Alopecurus aequalis (Shortawn Foxtail)

Plant Info
Also known as: Orange Foxtail, Short-awn Meadow-Foxtail
Family:Poaceae (Grass)
Life cycle:perennial
Habitat:part shade, sun; wet; pond shores, wet meadows, ditches, marshes, swamps, wet depressions, shallow water
Fruiting season:June - July
Plant height:8 to 28 inches
Wetland Indicator Status:GP: OBL MW: OBL NCNE: OBL
MN county distribution (click map to enlarge):Minnesota county distribution map
National distribution (click map to enlarge):National distribution map


Flower: Flower shape: indistinct Cluster type: panicle Cluster type: spike

[photo of flowering spike] A single tightly packed, narrowly cylindric, spike-like branching cluster at the top of the stem, ½ to 3½ inches long. Spikelets (flower clusters) are 1.7 to 3.7 mm (to ~1/8 inch) long, flattened, oblong-elliptic in outline and have a single floret, light to medium green at flowering time. Florets bloom from the top of the spike down, those at the tip of the spike may be forming fruit while those at the base have not yet bloomed.

[close-up of spike] At the base of a spikelet is a pair of bracts (glumes), both similar, fused together near the base, 3-veined, long-haired along the keel and edges, sparsely hairy on the surface, 1.7 to 3.7 mm long, lance-oblong with a blunt tip. Florets are surrounded by a pair of bracts (lemma and palea), the lemma as long as or slightly shorter than the glumes, 5-veined, hairless, and with an awn arising from near the base of the midvein, the awn .5 to 3 mm long, straight and extending beyond the tip of the glumes by less than 1.5 mm; the palea is obscure or absent. Stamen tips (anthers) are about 1 mm long, mostly less than half as long as the spikelet.

Leaves and stems: Leaf attachment: alternate Leaf attachment: basal Leaf type: simple

[photo of sheath, ligule and node] Leaves are basal and alternate, erect to ascending, 1 to 6 inches long, 1 to 7 mm (to ~¼ inch) wide, lance-linear, mostly flat. Basal leaves are longest; stem leaves are few and long-sheathing. When submersed, leaves often float on the water's surface. Sheaths are hairless, the lower tightly wrapping the stem and the upper sometimes slightly inflated and looser, and may be blue-green in color. The ligule (membrane where the leaf joins the sheath) is membranous, 3 to 6.5 mm long, triangular in shape but often folded over and appearing more convex at the tip, and is not fringed with hairs. Nodes are smooth, green to orange. Stems are hairless, multiple from the base, erect or prostrate from the base then rising near the tip (decumbent), sometimes rooting at the lower nodes and forming clumps.

Fruit: Fruit type: seed without plume

[photo of mature spikelet] Spikelets turn blackish at maturity, the entire spikelet shedding as each grain matures, leaving the naked stalks behind. Grains (seeds) are 1 to 1.8 mm long.


Shortawn Foxtail is a cool-season grass typically found in open, wet places that may dry out in summer. It's frequently found in shallow water. While the distribution map indicates it's common, it is not so easily encountered as one might imagine. We visited a number of sites where it was previously collected only to come up empty, mostly because the sites had become overgrown with Reed Canary Grass. But as luck would have it, we stumbled upon a population at a retention pond near home.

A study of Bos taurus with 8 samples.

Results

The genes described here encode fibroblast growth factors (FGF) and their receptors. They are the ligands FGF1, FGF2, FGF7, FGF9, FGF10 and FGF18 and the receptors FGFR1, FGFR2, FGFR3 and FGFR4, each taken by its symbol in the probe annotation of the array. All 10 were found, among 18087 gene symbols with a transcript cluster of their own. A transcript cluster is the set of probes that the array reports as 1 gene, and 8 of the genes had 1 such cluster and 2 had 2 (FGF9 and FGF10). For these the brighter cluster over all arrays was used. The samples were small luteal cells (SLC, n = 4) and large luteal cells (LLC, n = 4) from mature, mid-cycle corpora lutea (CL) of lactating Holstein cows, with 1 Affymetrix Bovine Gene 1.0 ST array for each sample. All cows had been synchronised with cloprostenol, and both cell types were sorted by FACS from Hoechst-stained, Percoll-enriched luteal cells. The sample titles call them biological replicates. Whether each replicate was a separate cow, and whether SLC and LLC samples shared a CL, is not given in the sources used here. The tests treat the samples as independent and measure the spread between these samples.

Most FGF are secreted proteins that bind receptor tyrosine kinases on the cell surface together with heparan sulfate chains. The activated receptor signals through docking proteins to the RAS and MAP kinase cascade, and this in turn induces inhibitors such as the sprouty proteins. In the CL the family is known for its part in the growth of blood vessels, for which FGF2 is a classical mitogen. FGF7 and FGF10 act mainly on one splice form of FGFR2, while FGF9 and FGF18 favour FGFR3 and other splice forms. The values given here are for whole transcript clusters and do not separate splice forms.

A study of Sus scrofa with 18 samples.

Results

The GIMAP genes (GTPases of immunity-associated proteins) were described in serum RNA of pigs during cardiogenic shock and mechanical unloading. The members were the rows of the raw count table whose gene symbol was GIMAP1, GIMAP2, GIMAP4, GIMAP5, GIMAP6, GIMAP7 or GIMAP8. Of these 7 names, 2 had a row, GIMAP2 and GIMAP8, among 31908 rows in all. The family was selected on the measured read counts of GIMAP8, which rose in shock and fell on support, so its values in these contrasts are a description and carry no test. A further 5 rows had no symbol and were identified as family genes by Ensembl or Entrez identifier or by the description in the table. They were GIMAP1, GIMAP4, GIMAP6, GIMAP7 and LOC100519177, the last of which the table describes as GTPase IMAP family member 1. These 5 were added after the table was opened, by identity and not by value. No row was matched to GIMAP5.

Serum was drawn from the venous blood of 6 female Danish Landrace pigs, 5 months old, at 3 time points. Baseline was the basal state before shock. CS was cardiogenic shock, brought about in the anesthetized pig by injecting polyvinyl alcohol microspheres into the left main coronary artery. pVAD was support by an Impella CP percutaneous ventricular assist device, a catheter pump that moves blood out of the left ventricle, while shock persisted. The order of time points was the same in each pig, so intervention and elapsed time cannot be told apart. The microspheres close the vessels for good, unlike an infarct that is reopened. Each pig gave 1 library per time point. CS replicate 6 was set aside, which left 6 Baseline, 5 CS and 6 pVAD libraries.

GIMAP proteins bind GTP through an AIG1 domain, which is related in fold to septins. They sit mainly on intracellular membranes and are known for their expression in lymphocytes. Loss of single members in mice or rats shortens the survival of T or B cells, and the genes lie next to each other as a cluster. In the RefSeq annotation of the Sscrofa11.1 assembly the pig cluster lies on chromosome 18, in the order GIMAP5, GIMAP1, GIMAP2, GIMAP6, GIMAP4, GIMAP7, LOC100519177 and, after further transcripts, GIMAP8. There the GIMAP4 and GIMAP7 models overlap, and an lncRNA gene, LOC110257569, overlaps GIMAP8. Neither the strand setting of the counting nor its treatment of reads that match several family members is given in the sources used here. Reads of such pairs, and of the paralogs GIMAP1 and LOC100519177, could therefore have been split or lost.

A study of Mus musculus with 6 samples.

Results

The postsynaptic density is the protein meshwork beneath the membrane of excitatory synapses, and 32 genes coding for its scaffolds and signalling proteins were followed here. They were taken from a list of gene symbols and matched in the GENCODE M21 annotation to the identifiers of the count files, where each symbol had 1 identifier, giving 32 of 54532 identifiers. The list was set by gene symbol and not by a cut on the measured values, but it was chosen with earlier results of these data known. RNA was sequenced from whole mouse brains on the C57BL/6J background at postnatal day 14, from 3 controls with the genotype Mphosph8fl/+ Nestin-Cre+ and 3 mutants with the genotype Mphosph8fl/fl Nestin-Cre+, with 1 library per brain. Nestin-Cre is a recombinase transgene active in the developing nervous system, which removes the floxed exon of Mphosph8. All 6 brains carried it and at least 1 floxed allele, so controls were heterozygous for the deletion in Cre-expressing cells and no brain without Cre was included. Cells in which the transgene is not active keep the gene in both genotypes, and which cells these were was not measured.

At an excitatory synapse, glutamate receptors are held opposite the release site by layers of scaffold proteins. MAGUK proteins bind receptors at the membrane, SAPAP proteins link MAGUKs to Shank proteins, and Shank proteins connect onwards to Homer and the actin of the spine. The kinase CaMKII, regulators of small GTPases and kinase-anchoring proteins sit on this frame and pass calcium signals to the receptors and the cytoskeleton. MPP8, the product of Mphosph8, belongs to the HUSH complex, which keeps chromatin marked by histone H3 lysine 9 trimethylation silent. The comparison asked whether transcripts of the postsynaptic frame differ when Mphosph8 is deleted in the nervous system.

There are 4 Alopecurus species known to be in Minnesota; A. aequalis is one of two natives. At a glance they may all look similar—narrowly cylindric spikes usually blooming (and completely shedding seed) from the top down, single-flowered spikelets usually blackish when mature, hairy glumes equal in size and shape, and lemma awns arising from the lower half of the lemma—but the size of the spikelet combined with length of the awn can help determine a correct ID. Shortawn Foxtail has relatively small spikelets (usually less than 3.5 mm long) and straight awns that only extend about 1 mm beyond the tip of the glumes, though they may be obscured by the long hairs on the glumes. When anthers are present, they are less than half as long as a spikelet, not usually more than 1 mm long. Look for floating leaves when plants are in shallow water.

It is very similar to Water Foxtail (Alopecurus geniculatus), which isn't known to be in Minnesota but could be. Water Foxtail spikelets are similar in size, but its awns are somewhat longer, becoming bent at maturity (Shortawn Foxtail awns stay straight), and anthers are mostly 1.5 to 2 mm long, more than half as long as the spikelet. Of the other Alopecurus species in Minnesota, Carolina Foxtail (A. carolinianus) also has small spikelets (max 3 mm) and awns that noticeably extend beyond the glumes, but its awns are conspicuously much longer becoming bent at maturity, and in Minnesota it is almost exclusively found in rock outcrops, mostly in the Minnesota River Valley.

Of special note is the wide disparity of glume sizes, etc. in different references for A. aequalis and A. geniculatus, which was a great source of confusion as to which species we actually found at the local pond. The ultimate decision came down to the anthers—they were decidedly smaller than the spikelets, as mentioned in several references. If anthers are not present the deciding factor(s) are not as straight forward, though the A. geniculatus spike tends to be a bit shorter and fatter than A. aequalis, awns somewhat longer, and bent at maturity. There are multiple varieties/subspecies of A. aequalis but these are poorly documented; var. aequalis is apparently the most common and is present in Minnesota.


Photos by Peter M. Dziuk taken in Ramsey County. Photos courtesy Steve Eggers taken in Aitkin County.